Electronic – Good explanations of audio piezo element behavior


Is there any description anywhere of how voltage, current, mass, momentum, and air interact in a typical audio piezo, and what sort of signal should be expected on the third pin of a three-terminal device (phase relationship with regard to drive, etc.) I'd like to drive a piezo as loudly and as efficiently as possible from a small battery; presumably that would imply trying to maximally exploit its resonant behavior. The normal circuit given for driving 3-wire piezos looks inefficient to my eye (similar to a class A amplifier), though perhaps there's something about the way piezos behave electrically which would cause the resistors to spend most of their time sitting with very low voltage across them.

I've google searched for audio piezo electrical behavior, and didn't find anything useful; I did find some explanation of how crystals work, but I would think the diaphragm coupling piezo-element vibrations to the air would substantially affect the behavior.


I understand pretty well how motors work: an ideal motor can be modeled as a black box such that the voltage across the motor leads at any given time will be some constant number of volts per (revolution per second), and the current through the motor will be some constant number of amps per ounce inch of applied torque, and most practical motors can be modeled as an ideal motor in series with a resistor and inductor. What I'd like would be a similar understanding for piezos.

The voltage across a piezo doesn't seem to represent its absolute position, nor its velocity, nor acceleration. What would the voltage on an "ideal" piezo represent, and what must be added to the model of an ideal piezo to make it reasonably match real-world behavior?

Best Answer

Do you really want an explanation of how it works from a device physics / acoustics standpoint, or rather how to drive it best?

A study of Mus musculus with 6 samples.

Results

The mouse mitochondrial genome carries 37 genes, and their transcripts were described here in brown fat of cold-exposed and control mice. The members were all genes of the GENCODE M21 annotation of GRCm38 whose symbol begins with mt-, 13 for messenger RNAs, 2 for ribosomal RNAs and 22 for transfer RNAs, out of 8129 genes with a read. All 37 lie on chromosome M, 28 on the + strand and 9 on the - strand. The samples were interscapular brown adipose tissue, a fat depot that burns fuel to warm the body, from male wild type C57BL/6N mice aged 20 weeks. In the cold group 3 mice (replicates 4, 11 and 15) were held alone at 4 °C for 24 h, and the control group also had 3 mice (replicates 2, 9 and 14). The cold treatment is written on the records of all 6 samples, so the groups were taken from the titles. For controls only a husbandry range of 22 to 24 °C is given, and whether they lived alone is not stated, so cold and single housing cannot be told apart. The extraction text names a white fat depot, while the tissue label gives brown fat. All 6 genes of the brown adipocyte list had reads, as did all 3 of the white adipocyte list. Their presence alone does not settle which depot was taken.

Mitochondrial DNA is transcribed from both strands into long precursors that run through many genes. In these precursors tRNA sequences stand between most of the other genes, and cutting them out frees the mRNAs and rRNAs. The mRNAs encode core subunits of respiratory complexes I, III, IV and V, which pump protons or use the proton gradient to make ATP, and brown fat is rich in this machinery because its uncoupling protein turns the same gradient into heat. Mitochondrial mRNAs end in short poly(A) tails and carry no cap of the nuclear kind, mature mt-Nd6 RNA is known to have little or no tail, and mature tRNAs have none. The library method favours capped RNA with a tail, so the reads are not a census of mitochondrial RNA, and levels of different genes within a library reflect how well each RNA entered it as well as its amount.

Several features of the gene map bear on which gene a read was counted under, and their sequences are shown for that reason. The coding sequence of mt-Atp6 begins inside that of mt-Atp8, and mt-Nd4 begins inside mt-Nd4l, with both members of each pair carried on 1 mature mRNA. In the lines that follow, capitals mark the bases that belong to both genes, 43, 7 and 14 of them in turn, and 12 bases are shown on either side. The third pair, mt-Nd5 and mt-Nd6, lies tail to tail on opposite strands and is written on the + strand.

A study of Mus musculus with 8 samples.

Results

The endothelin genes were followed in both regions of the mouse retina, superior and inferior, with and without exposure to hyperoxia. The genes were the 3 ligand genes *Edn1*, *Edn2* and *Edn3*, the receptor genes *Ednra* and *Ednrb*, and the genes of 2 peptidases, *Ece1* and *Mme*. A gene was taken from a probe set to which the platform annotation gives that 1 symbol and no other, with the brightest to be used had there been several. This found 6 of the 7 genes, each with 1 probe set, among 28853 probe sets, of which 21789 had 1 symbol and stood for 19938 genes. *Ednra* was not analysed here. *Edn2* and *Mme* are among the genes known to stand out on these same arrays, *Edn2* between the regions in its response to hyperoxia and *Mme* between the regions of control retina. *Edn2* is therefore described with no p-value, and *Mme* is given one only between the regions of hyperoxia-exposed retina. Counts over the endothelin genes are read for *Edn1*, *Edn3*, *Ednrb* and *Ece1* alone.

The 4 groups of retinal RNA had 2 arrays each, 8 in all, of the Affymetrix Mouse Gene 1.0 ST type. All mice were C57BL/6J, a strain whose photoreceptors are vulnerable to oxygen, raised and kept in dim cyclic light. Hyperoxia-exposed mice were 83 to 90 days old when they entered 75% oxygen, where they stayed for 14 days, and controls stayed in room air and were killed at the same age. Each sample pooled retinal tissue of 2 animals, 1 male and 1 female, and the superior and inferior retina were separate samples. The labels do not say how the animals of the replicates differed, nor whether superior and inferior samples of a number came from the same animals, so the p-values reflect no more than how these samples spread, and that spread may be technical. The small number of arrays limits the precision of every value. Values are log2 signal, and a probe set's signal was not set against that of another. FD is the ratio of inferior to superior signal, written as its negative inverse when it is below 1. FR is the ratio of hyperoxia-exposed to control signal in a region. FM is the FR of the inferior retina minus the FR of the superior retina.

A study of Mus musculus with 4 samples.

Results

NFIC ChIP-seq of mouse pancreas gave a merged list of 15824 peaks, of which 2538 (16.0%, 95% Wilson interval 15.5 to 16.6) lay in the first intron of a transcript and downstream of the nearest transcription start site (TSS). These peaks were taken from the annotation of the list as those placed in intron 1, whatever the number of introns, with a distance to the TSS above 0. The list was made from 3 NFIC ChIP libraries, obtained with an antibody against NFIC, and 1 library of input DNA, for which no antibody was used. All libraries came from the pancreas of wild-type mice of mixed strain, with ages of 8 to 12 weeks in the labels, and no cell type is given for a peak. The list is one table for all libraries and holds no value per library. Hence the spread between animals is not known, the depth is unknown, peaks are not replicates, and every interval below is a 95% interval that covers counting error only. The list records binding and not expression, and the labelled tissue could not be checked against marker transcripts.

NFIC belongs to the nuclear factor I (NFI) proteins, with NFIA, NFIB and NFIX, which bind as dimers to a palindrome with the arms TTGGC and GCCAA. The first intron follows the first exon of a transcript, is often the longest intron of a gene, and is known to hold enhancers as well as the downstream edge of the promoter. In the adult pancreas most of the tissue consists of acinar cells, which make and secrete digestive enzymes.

As far as the latter goes, you've got four aspects related serially:

  1. what is your driving circuit voltage/current capability
  2. the frequency response curve of the piezo (should be in the datasheet, if not then pick another part)
  3. the acoustics between the piezo and ambient air at the listener's ear
  4. the frequency response curve of the human ear (see linked article)

You have control over #1 and #3. Optimal piezo mounting is at its nodal ring for the main vibrational mode (area inside the nodal ring is bending one way, area outside the nodal ring is bending the other way) -- see mfrs app guides, and then you have to couple acoustically to the surrounding air.

As far as drive circuit goes, the piezos are capacitive in nature, so it's probably feasible to add an appropriate inductor to create a switching circuit that would be more efficient. (If I were designing a system, I'd go for a cheap drive circuit that works at the resonant frequency, and then spend any extra money I had to buy a larger battery -- of course if your battery is fixed and your budget has room, then you have a different priority)

My guess is you'd probably want to use a 3-terminal piezo so you can get feedback for resonant behavior.

edit: I've read your update. DC motors are 'easy' w/r/t modeling -- they're basically an electromechanical (rotary) transformer without too many parasitic elements between the device terminals and the "ideal" electromechanical transformer represented by the back-emf/torque constants relating voltage <-> rotational velocity and current <-> torque.

While I'm not personally familiar with modeling piezoelectric transducers, my understanding is that they are electromechanical transformers as well, but with more parasitic components. Per the Wikipedia page on their electrical properties:

enter image description here

The dependent voltage source V is proportional to strain (= fractional elongation/contraction in one direction). I can't figure out what the current through that voltage source would be proportional to; it may be rate of change of strain (with V "really" being proportional to stress, which is proportional to strain via Young's modulus, so V*I = stress * rate of change of strain, which I think gives you some indication of power, with a missing factor that's proportional to volume of the transducer).

The problem from a measuring standpoint is that V isn't directly available at the device terminals; instead you've got all this other crud between, so you can't measure it at DC.